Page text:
The two Porsche 963 fielded by the Porsche Penske Motorsport works team head into the final phase of the Daytona 24-hour race with mixed prospects. During the night, the No. 6 car at times led the field, only to lose ground in the early morning hours. After sunrise, the vehicle is running three laps behind the leading group. After a battery change on Saturday evening, the sister car is 18 laps down on the leader. In the two GTD classes, the customer teams are struggling with the poor BoP classification of the new Porsche 911 GT3 R.
After the start, Felipe Nasr from Brazil quickly settled into the leading pack at the wheel of the No. 7 Porsche 963. The car, which the ex-Formula 1 driver shares with his works driver teammates Matt Campbell (Australia) and Michael Christensen (Denmark), lost significant ground at 7 pm local time. The Porsche Penske Motorsport crew had to replace the high-voltage battery on the new hybrid prototype, which took just 35 minutes. Nevertheless, the No. 7 car lost 20 laps to the leader and all chances of victory at the season-opening round of the IMSA WeatherTech SportsCar Championship. As the sun rose, the gap of the GTP car in eighth place was reduced to 18 laps.
At the wheel of the No. 6 sister car, Nick Tandy made good progress in the early phase. After tackling the race from P9, the British racer loomed large in Nasr’s rear-view mirror as fourth in his class after just 15 minutes. Thanks to clever tactics and spirited drives from Tandy and his teammates Mathieu Jaminet from France and Dane Cameron from the USA, the No. 6 entry at times led the field during the night – only to suffer a setback. Tandy spun while lapping a rival in Turn 5 and damaged the car. The repairs cost three laps. At daybreak in Daytona, the ca. 500 kW (680 PS) hybrid prototype lies in sixth place.
“Having to replace the battery was unfortunate, but it solved the problem with our No. 7,” reports Urs Kuratle, Director Factory Motorsport LMDh. “The performance is good. The Acura is certainly the fastest car in the field, but I see our Porsche 963 right behind it. Unfortunately, we and BMW suffered the most damage, Cadillac and Acura had significantly less. Nick Tandy’s spin was also a shame. All in all, we lost too much time in the pits and the garage. We’re hoping for the odd yellow phase so that we can at least make up some ground. We have to hope for a small miracle.”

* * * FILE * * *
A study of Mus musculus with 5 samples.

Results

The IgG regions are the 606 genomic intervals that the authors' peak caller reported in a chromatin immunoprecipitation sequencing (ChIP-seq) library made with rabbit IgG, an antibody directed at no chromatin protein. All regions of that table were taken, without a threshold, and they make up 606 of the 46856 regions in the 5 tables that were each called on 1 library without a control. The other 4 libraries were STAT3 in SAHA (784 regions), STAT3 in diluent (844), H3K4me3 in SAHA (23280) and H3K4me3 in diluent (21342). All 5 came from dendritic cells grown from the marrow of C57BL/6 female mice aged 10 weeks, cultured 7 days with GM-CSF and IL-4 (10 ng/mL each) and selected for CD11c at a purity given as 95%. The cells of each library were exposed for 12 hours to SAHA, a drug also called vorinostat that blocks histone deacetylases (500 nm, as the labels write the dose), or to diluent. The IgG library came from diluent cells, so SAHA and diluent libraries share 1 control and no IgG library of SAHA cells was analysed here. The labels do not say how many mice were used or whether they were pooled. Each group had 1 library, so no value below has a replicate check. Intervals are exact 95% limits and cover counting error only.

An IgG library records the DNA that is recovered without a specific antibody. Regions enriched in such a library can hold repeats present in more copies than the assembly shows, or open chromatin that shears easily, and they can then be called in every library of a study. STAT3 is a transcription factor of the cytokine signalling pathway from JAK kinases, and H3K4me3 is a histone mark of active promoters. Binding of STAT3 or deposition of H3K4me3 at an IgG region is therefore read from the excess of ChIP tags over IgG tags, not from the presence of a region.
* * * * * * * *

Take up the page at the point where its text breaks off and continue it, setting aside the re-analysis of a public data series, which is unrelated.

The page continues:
US debut for the new Porsche 911 GT3 R under difficult conditions
In the two GT classes, a total of seven new Porsche 911 GT3 R (Gen. 992) fielded by five customer teams contest the endurance classic. However, due to less than optimal Balance of Performance (BoP) ratings from the governing body, the nine-elevens tackling the fiercely competitive GTD-Pro and GTD classes have no prospect of major success.
“I’m very proud of the great job we’re doing with our teams and drivers,” states Sebastian Golz, with six hours remaining on the clock. The Porsche 911 GT3 R Project Manager adds: “Compared to the leaders, we’re missing an average of two seconds per lap. Our only chance is to get through the race without any mistakes and take as many championship points as possible into the rest of the season.”
With five hours of racing remaining, the No. 9 car campaigned by Pfaff Motorsports currently ranks fifth in the GTD-Pro class. In the GTD class, the No. 16 entry from Wright Motorsports is the best-placed Porsche 911 GT3 R on P12.
The 24 Hours of Daytona gets the chequered flag on Sunday at 1:40 pm local time (7:40 pm CET).
Drivers’ comments about the race so far
Mathieu Jaminet (Porsche 963 #6): “The start of the race was action-packed. We managed to push to the front and everything was going well. But then Nick spun. I don’t know if it was his fault or not – it’s irrelevant. We lost a lot of ground. I drove three stints until sunrise. It was difficult to get the tyres over that distance. Our prospects aren’t hopeless but we certainly could do with some caution phases to make up laps. We need luck and more performance for the rest of the race. We’ll do our very best.”